Arabic calligraphy

UNESCO adds Arabic calligraphy to cultural heritage list

UNESCO on Tuesday recognized Arabic calligraphy, the artistic practice of handwriting based on the Arabic alphabet, as intangible cultural heritage.

A total of 16 Muslim-majority countries, led by Saudi Arabia, submitted the bid to UNESCO, which announced the list on Twitter.

Workers sew Islamic Arabic calligraphy in gold thread onto a drape to cover the Kaaba at the Kiswa factory in the holy city of Mecca, Saudi Arabia, on November 29, 2008. (AFP)

“Arabic calligraphy is the artistic practice of handwriting in Arabic in a fluid manner to convey harmony, grace and beauty,” UNESCO said on its website.

“The fluidity of Arabic writing offers endless possibilities, even within a single word, as the letters can be stretched and transformed in many ways to create different patterns.”

Saudi Culture Minister Prince Badr bin Abdullah bin Farhan Al Saud welcomed the move and said it would “contribute to the development of this cultural heritage”, in a statement carried by the official Saudi Press Agency.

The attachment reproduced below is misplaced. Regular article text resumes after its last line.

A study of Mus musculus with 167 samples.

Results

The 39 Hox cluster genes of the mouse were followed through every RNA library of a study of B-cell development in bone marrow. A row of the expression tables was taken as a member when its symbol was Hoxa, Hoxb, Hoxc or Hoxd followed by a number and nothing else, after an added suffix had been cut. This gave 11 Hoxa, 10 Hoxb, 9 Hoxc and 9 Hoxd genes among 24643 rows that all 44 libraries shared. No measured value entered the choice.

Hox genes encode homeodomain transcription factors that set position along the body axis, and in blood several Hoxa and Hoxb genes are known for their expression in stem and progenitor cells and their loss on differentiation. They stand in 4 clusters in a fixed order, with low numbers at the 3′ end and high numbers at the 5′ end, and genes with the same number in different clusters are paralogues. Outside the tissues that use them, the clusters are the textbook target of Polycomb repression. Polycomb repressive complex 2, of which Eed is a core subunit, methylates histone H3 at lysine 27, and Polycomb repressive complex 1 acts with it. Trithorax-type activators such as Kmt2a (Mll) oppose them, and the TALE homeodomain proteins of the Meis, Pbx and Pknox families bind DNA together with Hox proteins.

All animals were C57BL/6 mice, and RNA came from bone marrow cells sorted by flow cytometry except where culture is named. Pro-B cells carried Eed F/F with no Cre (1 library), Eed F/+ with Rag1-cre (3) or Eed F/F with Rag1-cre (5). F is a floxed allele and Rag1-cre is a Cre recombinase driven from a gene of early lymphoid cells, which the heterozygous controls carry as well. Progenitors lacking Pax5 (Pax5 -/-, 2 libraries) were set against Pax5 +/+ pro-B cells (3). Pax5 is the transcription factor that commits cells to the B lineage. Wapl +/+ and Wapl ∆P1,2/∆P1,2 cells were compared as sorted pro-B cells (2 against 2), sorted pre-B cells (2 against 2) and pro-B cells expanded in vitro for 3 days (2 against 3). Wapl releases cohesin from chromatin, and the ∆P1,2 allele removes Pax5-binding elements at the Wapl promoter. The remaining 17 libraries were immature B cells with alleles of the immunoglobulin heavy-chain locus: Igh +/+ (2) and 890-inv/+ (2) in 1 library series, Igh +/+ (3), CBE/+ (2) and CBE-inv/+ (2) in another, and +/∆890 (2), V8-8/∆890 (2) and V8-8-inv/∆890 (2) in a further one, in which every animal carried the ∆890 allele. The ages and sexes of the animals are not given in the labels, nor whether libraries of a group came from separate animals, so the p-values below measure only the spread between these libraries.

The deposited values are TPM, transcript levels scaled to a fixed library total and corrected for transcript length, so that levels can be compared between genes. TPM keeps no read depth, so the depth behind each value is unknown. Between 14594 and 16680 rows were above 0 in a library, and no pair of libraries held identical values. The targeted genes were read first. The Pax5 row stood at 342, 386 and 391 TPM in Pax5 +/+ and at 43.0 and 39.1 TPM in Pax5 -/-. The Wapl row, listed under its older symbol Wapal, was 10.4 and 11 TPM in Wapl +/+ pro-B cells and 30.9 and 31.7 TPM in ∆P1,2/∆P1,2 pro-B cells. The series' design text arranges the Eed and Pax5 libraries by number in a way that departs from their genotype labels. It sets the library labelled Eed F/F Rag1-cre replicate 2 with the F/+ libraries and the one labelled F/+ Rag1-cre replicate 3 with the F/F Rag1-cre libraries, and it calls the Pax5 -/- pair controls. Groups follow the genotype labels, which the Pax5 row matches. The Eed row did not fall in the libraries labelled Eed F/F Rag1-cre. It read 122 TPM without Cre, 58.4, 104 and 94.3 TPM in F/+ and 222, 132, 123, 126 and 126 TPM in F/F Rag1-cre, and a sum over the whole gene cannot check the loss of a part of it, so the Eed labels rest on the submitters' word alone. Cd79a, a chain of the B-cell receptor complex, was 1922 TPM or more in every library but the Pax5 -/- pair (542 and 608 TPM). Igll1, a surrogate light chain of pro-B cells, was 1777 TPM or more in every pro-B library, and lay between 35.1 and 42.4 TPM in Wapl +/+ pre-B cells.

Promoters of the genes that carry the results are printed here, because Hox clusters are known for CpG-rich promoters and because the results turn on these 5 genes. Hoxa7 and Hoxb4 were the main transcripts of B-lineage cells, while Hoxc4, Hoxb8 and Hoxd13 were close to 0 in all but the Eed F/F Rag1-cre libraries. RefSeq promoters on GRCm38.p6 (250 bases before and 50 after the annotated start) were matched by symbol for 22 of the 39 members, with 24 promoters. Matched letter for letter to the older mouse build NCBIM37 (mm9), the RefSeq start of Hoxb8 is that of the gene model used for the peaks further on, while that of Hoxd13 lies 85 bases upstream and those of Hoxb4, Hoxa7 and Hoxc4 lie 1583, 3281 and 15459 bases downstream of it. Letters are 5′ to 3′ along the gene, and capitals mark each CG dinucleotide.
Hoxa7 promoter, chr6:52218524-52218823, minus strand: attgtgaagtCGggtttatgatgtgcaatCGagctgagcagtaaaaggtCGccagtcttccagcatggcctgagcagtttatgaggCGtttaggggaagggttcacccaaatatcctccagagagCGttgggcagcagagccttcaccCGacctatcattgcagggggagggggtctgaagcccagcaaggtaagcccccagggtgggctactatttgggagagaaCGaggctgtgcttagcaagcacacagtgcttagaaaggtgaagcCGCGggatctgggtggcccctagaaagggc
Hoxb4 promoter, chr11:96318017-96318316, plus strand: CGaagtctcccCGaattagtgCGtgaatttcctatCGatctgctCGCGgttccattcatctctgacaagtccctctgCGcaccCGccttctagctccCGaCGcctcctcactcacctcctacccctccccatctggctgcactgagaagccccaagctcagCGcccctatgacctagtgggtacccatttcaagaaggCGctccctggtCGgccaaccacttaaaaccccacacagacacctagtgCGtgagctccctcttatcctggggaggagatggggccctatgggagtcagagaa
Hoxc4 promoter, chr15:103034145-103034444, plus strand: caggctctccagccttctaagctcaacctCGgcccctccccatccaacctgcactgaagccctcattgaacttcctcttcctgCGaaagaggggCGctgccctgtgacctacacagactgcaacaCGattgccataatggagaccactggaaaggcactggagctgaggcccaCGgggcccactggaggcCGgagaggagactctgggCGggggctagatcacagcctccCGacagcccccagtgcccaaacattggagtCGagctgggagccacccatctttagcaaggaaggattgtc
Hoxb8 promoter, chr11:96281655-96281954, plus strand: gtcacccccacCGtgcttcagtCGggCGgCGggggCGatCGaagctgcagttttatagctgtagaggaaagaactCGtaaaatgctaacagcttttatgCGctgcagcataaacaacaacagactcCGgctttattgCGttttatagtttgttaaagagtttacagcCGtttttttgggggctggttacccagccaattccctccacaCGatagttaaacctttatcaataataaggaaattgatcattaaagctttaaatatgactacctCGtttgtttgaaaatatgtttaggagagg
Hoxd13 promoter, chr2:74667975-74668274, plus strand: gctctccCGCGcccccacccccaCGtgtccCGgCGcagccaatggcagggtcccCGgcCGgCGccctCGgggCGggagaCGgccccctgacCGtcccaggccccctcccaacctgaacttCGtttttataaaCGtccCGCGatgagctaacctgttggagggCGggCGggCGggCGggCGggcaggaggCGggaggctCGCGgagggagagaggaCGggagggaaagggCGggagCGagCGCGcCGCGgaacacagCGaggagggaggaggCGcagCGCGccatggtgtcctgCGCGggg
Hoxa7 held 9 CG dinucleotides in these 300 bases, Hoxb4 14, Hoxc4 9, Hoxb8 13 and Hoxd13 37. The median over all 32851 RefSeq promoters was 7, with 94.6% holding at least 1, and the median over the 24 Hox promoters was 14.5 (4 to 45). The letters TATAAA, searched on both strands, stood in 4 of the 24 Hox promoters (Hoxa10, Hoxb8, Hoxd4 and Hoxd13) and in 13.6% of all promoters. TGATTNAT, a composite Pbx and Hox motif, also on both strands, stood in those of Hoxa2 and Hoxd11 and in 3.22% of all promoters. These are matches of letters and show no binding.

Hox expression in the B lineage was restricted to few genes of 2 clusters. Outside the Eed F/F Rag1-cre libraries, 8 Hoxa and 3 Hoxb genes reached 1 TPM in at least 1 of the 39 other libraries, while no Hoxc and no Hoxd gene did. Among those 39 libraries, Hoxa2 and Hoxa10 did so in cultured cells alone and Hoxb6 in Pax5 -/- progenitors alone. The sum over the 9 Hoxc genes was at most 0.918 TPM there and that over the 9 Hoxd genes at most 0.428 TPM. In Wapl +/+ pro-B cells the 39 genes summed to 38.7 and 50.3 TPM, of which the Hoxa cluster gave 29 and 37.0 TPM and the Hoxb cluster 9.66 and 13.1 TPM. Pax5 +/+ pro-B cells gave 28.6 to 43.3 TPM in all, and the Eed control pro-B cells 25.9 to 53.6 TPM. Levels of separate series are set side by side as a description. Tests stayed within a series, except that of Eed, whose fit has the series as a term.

A woman walks past the Arabic calligraphy that reads

A woman walks past an Arabic calligraphy reading “Allah” at the Old Mosque in Edirne, Turkey, on March 8, 2020. (AFP)

Abdelmajid Mahboub of the Saudi Heritage Preservation Society, which participated in the proposal, said the calligraphy “has always served as a symbol of the Arab-Muslim world”.

But he lamented that “many people no longer write by hand due to advances in technology”, adding that the number of specialist Arabic calligraphers has dropped sharply.

Arabic calligraphy installation outside the Museum of the Future on Sheikh Zayed Road, Dubai, United Arab Emirates, June 30, 2021. (AFP)

Arabic calligraphy installation outside the Museum of the Future on Sheikh Zayed Road, Dubai, United Arab Emirates, June 30, 2021. (AFP)

The UNESCO listing “will certainly have a positive impact” on the preservation of the tradition, he added.

According to the UNESCO website, intangible cultural heritage “is an important factor in maintaining cultural diversity in the face of increasing globalization”. Its importance “is not the cultural manifestation itself but rather the wealth of knowledge and skills that are transmitted there from one generation to the next”.